EOG & Saccade Detection
New research out of the University of British Columbia details how the Cyton and Gold Cup Electrodes can be used for detecting eye movements through electrooculography (EOG). EOG is a technique for measuring the corneo-retinal standing potential that exists between the front and the back of the human eye. The resulting signal is called the electrooculogram. Primary applications are in ophthalmological diagnosis and in recording eye movements. Vertical movements of the eyes are best measured by placing the electrodes on the lids, while horizontal eye movements can be best measured by placing the electrodes on the external canthi (the bone on the side of the eye).
The paper “An Oculomotor Sensing Technique for Saccade Isolation of Eye Movements Using OpenBCI” by Hiroshan Gunawardane, C.W. de Silva, and Mu Chiao presents an inexpensive and accurate signal processing technique to identify saccades, the rapid movement of the eye between fixation points. Their presented technique successfully isolated saccadic information from raw EOG signals, and showed a significant improvement with respect to other approaches (used for noise ﬁltering).
More detailed discussion of the research by the authors can be found here:
One limitation of the research by Gunawardane et. al. is that their early version of their system cannot remove artifacts caused by eye blinks.
Eye Blink Detection
Mohit Agarwal and Raghupathy Sivakumar of the Georgia Institute of Technology recently published “Blink: A Fully Automated Unsupervised Algorithm for Eye-BlinkDetection in EEG Signals.” It’s possible that this type of system could be used to assist with the artifact removal problem faced by the UBC team when collecting EOG data, and faced by others when collecting EEG signals.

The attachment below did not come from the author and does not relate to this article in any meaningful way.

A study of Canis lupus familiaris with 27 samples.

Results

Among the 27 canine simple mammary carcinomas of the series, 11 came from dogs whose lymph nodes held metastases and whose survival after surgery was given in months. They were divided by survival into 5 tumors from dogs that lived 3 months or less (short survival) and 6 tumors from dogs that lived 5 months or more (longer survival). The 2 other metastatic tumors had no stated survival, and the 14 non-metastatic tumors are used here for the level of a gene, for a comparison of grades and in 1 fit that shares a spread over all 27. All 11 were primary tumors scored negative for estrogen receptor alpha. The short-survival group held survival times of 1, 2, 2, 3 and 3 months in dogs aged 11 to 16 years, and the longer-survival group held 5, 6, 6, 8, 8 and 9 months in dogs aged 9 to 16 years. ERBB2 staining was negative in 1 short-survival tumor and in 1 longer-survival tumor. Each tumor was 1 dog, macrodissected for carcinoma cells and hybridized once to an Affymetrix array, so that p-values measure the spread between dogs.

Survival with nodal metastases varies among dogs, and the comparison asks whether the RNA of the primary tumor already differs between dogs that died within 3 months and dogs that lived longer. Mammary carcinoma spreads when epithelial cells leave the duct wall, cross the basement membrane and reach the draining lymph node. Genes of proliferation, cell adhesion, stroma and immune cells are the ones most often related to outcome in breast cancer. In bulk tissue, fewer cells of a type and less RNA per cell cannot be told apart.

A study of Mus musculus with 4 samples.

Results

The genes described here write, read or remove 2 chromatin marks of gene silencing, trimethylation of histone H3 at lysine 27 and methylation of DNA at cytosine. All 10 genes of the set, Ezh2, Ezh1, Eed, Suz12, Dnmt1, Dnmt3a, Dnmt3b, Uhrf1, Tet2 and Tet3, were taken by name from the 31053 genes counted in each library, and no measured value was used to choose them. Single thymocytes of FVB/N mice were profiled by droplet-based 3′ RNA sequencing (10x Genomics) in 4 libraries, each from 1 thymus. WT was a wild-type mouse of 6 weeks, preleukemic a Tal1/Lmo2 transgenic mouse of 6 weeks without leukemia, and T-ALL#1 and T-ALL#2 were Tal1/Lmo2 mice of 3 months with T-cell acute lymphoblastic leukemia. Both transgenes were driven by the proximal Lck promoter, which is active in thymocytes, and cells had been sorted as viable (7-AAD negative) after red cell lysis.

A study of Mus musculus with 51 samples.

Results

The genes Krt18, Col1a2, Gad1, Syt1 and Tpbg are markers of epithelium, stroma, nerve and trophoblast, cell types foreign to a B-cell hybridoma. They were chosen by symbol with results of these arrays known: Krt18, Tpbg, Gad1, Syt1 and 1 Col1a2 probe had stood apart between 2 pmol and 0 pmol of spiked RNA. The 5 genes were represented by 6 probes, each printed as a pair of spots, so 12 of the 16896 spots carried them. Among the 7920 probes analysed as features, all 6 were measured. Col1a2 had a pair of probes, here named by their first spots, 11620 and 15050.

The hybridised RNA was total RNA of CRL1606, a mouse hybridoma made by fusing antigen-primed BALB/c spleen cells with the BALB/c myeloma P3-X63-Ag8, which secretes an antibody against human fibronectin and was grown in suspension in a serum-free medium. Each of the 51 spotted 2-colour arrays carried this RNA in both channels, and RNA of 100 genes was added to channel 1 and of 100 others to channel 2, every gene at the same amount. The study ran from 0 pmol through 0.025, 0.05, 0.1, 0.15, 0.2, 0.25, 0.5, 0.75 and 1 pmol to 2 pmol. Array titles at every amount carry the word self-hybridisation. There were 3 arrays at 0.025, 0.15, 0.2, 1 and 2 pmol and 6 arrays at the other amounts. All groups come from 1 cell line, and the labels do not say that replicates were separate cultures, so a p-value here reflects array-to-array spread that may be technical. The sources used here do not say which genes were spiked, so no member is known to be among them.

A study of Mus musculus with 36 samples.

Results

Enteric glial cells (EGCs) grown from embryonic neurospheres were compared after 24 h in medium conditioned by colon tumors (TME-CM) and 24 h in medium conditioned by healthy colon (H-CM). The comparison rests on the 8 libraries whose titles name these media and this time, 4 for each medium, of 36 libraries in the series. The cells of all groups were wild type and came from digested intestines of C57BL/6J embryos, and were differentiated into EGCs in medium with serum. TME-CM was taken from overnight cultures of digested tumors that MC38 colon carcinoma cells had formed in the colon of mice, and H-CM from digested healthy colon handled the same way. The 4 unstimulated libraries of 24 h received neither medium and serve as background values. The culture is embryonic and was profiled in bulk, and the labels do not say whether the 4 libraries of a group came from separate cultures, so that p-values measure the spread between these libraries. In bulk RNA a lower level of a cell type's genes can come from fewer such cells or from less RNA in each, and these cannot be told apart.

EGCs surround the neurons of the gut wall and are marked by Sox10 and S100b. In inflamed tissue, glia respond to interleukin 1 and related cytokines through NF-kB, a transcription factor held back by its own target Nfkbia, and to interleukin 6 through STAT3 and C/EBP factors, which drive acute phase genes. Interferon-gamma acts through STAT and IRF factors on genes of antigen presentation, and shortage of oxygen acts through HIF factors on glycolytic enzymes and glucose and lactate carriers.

Agarwal and Sivakumar believed that the first step to removing the artifacts caused by eye-blinks, was developing a sufficiently accurate algorithm that could identify blinks in the first place. The result of their work is the “BLINK” system, a fully automated and unsupervised eye-blink detection algorithm which is able to self-learn user-specific brainwave profiles for eye-blinks. There is no need for individual user training, or manual inspection and incredibly, Blink functions on a single channel of EEG. Blink accurately estimates the start and end timestamps of eye-blinks, allowing researchers to more easily account for those blinks in their datasets.
The GIT team collected 2300+ blinks using both OpenBCI and Muse across various user activities and (this is the part we love) made the source code and annotated datasets available publicly to promote reproducibility and further research.
We applaud the research done by both teams and look forward to learning more from their future work!